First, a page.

Lloyds Bank today reported an increase in profits and earnings for the six months to 30 June, but missed analyst expectations.
The banking group's underlying profit rose eight per cent to £4.5bn from £4.2bn this time last year. Pre-tax profit was up four per cent to £2.54bn from £2.45bn.
The firm will pay an interim dividend of 1p per share, up 18 per cent, and in line with expectations.
The company set aside another £1.05bn for payment protection insurance claims (PPI), with £540m allocated for other conduct provisions.
Shares in the group dipped 0.84 per cent in early trading.
Why it's interesting
The group missed estimates of a £2.9bn pre-tax profit.
Lloyds performance over recent years has been hit by large compensation payouts, and the City was expecting the bank to set aside a further £400m for PPI costs - well short of the £1bn detailed in today's results.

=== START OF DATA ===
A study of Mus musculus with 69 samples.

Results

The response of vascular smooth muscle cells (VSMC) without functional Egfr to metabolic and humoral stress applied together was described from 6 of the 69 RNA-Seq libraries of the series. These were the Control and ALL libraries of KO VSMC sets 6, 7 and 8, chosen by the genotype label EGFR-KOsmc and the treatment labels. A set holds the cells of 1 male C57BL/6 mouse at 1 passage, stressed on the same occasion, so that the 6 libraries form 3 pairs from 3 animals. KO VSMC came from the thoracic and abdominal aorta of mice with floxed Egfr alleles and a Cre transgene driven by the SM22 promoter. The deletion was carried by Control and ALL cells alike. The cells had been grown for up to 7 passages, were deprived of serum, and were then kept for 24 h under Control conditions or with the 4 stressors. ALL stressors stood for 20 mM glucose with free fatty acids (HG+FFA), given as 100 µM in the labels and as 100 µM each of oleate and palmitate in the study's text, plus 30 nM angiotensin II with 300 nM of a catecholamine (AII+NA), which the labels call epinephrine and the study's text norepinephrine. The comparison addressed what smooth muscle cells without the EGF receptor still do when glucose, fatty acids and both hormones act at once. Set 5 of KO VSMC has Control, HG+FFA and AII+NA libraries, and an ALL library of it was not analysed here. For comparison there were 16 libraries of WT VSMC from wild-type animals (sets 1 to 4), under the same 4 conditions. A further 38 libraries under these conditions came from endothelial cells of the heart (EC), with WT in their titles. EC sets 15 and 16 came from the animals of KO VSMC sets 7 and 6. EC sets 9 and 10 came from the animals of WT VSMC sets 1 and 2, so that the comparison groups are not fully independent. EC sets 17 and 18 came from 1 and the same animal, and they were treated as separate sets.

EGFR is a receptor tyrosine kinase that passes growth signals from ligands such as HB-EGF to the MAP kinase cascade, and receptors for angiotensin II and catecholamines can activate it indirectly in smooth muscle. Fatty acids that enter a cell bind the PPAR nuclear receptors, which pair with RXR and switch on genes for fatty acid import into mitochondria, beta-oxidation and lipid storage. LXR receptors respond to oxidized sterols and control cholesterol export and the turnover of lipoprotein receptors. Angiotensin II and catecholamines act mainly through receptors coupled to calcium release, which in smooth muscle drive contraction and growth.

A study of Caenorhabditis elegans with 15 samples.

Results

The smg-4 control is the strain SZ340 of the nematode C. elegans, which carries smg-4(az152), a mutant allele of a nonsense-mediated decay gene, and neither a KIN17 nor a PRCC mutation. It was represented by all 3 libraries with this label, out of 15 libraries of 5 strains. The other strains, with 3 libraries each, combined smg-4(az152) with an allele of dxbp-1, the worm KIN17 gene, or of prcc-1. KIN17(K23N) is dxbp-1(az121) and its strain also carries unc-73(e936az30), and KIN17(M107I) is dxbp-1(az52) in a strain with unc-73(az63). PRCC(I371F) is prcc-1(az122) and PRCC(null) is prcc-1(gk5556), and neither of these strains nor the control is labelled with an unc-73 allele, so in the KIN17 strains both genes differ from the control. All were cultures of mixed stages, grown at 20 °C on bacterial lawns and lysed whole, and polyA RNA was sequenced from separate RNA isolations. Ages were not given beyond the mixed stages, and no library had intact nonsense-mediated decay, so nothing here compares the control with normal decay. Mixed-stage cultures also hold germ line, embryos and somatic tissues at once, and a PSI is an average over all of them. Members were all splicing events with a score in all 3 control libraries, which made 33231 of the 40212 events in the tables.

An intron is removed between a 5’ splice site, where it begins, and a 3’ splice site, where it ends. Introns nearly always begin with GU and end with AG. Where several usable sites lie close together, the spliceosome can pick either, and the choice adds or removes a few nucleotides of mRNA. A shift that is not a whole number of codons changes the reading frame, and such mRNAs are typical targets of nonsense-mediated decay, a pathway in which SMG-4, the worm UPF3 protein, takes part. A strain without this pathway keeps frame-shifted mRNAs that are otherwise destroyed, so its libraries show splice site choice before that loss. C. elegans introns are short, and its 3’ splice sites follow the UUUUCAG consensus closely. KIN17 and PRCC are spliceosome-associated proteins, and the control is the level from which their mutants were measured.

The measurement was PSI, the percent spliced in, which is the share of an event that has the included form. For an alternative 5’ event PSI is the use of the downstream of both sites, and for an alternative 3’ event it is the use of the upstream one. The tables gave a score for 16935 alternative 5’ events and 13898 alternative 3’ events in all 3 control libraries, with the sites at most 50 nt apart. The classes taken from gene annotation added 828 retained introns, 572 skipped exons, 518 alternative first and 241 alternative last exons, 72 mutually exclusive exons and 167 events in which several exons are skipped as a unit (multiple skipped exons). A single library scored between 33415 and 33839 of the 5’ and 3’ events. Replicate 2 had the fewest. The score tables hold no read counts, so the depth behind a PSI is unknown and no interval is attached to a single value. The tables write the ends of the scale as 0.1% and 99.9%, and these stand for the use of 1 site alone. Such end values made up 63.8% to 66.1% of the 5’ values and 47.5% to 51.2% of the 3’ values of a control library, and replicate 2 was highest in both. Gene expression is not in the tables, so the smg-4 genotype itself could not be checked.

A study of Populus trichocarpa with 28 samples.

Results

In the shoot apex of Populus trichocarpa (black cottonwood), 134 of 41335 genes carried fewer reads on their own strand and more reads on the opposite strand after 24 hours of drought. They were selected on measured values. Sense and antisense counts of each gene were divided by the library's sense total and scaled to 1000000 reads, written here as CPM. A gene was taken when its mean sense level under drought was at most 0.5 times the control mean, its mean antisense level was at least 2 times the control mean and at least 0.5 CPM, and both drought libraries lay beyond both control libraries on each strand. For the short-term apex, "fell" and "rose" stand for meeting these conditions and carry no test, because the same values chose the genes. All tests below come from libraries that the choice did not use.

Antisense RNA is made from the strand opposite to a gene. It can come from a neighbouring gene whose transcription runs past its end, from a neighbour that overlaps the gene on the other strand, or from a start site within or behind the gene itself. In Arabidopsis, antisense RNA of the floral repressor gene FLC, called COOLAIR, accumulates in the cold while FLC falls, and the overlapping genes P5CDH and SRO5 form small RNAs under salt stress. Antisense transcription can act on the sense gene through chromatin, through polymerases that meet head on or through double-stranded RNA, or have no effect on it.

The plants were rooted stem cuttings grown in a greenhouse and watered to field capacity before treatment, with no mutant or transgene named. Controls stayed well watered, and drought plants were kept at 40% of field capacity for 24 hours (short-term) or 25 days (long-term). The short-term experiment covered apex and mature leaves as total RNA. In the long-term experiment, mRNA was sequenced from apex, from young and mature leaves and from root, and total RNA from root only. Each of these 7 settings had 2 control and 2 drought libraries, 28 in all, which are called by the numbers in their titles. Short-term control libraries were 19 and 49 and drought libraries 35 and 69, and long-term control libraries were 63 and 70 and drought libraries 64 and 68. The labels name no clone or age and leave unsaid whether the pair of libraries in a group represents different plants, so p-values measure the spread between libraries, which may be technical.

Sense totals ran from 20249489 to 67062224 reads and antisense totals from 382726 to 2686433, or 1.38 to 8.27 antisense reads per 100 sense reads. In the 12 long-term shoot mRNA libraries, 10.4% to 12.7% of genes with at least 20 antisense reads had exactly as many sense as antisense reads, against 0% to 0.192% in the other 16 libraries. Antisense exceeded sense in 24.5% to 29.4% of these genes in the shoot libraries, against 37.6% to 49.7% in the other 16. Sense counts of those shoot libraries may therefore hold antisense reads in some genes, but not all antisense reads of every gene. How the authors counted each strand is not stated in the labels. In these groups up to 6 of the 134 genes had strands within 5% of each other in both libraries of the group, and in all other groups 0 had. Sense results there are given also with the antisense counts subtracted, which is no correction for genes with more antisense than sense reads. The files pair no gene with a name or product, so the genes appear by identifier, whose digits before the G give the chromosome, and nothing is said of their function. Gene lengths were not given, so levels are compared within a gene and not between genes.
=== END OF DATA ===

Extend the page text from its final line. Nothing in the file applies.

Meanwhile, the company is currently locked in a legal battle with business owners seeking compensations over HBOS fraud. Claimants include former Deal Or No Deal host Noel Edmonds, who recently ramped up his claim to £300m.
What Lloyds said
"Following the successful transformation of the Group to become a simple, low risk, UK focused retail and commercial bank, we have delivered another strong set of results with increased underlying and statutory profit and strong capital generation, whilst completing the acquisition of MBNA and returning to full private ownership," said chief executive Antonio Horta-Osorio.
"The UK economy remains resilient following strong employment and GDP growth in recent years together with private sector deleveraging and rising house prices. Inflation is however now rising above disposable income given the recent depreciation in sterling and, while this may affect consumption going forward, the economy should benefit from rising exports and earnings from foreign assets."